Saturday, September 18, 2010
I love posole. The thick rich spicy soup broth, the hominy (nixtamal in Spanish, or technically Nahuatl), and of course the additions. Cilantro, shredded cabbage, radish, avocado, lime juice, baked tortilla strips, and on and on. The beautiful thing about the stock is the introduction of ancho chiles (dried poblanos) that are reconstituted and pureed in the blender. It makes for a complex and spicy broth. Of course posole normally has pork or in some cases chicken and so the broths are normally a little heartier. I honestly thought it would be impossible to make a vegetarian version but this comes so close to the real thing I can't say I missed the meat at all. I can't say how happy I was that this worked.
In place of chicken, I used dried shitake mushrooms. They take a while to soften so if they only sit for a couple of hours in the soup, they'll still be a little chewy (which I was okay with because it reminded me of posole's cousin 'menudo', but for reasons I won't get into). By the second day they were much softer and oh so good. The broth was hearty and spicy and everything was perfectly balanced.
This recipe is for the Souper Sunday blog hop hosted by Kahakai Kitchen. Soup... what a great theme. I'm relatively new to making posole so I got my help from girlichef, an excellent blogging chef for all things Mexican (and otherwise) and Bobby Flay. See their recipes here and here. I like girlichef's addition of tomatoes and onion to the blender with the anchos and then cooking them on the stove. It's definitely my new method - I just added a little oregano to the mix because it's one of my favorite flavors in Mexican cooking.
For the base, start with three ancho chiles. Put them in a small bowl (put small cuts in the chiles so they don't float) and cover them with boiling water. After twenty minutes, remove chiles from water (saving the water) and pull the stems out. I like to save a few seeds for the heat. Place chiles in a blender with 1/2 cup of the reserved chile water and the following items:
1 medium sized onion, chopped
1 tomato, chopped
3 garlic cloves, smashed
2 t. fresh oregano leaves
Blend for a couple of minutes, pausing to scrape sides of the blender down with a rubber spatula. Heat one tablespoon oil in large soup pot and add chile puree. Cook for about 10 minutes, letting mixture thicken. Add six cups of vegetable broth and heat through, bringing to a boil. Add:
1 28-ounce can of hominy (don't drain, include all the liquid in the can)
2 cups (loosely packed) of dried shitake mushrooms.
Simmer for about 20 minutes and add two tablespoons of chopped cilantro. Continue to simmer for another 10 minutes or so. Garnish with any (or all!) of the following.
Freshly chopped cilantro, green onions
Quartered lime wedges
Chopped or grated radishes
Enjoy! I'm going to be making this again and again!
Friday, September 17, 2010
The elitist taco has taken a back seat these past few weeks as I get re-accustomed to the school year, teaching two classes and actually working on my dissertation. While I'm still cooking (enchiladas de mole and posole this week!), not many things are that new or postable. But the posole has been a real discovery. I'll be posting that in a couple of days.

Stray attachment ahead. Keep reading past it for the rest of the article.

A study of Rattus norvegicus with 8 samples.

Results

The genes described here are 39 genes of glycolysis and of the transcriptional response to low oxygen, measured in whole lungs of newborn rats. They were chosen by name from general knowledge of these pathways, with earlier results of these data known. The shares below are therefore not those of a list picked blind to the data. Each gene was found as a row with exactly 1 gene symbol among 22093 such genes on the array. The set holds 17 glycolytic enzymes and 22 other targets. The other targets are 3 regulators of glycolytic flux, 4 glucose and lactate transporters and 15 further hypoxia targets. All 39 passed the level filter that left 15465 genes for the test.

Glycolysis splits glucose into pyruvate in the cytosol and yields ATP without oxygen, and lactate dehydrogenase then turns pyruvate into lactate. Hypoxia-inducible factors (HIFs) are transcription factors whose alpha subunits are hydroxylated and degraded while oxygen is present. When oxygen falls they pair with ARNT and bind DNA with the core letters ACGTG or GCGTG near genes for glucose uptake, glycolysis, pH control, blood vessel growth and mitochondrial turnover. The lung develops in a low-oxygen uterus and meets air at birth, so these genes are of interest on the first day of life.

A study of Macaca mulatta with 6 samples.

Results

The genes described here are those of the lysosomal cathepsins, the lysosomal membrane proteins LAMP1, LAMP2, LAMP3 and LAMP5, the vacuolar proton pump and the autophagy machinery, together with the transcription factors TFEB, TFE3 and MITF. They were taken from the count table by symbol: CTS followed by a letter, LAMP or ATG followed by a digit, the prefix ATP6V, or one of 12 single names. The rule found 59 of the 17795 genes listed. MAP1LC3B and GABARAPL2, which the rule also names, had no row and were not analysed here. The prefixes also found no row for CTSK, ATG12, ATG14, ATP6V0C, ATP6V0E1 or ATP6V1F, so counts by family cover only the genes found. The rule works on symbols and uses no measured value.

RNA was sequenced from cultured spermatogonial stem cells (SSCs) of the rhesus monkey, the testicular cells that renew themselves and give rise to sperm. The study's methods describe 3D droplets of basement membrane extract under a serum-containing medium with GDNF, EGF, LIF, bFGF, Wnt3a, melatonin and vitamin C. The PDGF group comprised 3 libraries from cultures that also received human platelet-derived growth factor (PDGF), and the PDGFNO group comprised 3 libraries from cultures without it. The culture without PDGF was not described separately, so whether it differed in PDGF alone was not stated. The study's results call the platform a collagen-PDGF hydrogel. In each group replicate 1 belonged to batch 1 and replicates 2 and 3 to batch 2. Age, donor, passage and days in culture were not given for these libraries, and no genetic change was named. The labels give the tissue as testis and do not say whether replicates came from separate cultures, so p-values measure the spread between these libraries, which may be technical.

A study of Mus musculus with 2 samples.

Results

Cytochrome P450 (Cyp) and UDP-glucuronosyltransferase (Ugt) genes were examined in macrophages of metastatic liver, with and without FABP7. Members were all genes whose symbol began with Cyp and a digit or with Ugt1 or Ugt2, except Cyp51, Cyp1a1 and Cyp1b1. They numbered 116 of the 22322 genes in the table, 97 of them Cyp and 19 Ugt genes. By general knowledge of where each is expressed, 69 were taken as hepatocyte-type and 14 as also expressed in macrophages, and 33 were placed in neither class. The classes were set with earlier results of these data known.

Officially, both the elitist taco and its author are now 100% vegetarian. The blog was mostly vegetarian already, but now it is for sure. It's nice to give it an identity and I'm happy to make my own vegetarianism official. I've been headed this direction for awhile and I'm feeling great about it. There are a variety of reasons, but none really matter much to the blog. What matters now, is how to creatively adapt recipes and still have a great flavor. I might miss late night hamburgers from Rally's or bacon but truthfully, it was the homemade chicken broth that I had gotten used to that I was saddest about. A good chicken broth has so many great uses. When I came across Bobby Flay's method of reducing a chicken broth for an hour or so after it was already done, something that intensified the flavors, I was sold. We've been making our own vegetable broths for a while now, but for the most part they're clear and have little in the way of body. So I set out to make a great vegetable broth that could be used in a soup like posole, which really depends on a good broth. In an effort to give the broth some depth of flavor, I threw in a couple of potatoes and a few mushrooms. For a final step I took a boiled potato, threw it into the blender with some of the stock and blended it until smooth. The texture it added to the broth was awesome and it really made a difference.
So here's the recipe.
3-4 stalks of celery, washed
2-3 carrots, scrubbed (not peeled), split down the middle
2 potatoes, scrubbed and quartered
4 garlic cloves, smashed (skins left on)
1 large onion, quartered (skins left on)
1 poblano chile, halved and seeded
white button mushrooms (small box - washed and sliced)
Of course, a vegetable broth can have pretty much anything you have on hand. Often we'll keep the tough spine from kale and throw that in. Some nice additions are black peppercorns, fresh thyme, fresh cilantro etc.
Place all the vegetables into a large soup pot and cover with cold water. Bring to a boil and turn to medium low, cooking uncovered for an hour. Remove vegetables and let cool (save some potato for later).
When I was ready to use the stock, I heated it up on the stove, while I combined some broth with a few potato pieces in the blender. Once that was reintroduced into the broth, I added salt to taste and... there you go. For a little extra flavor, I added 2 cups of 'chicken broth' (Better than bouillon brand, vegetarian) that I mixed up.
This is my new go-to broth. Even before I introduced chile for the posole base, it had a nice, complex flavor. I'm sure it'll be a little different every time I make it, but I think the potato will make constant appearances.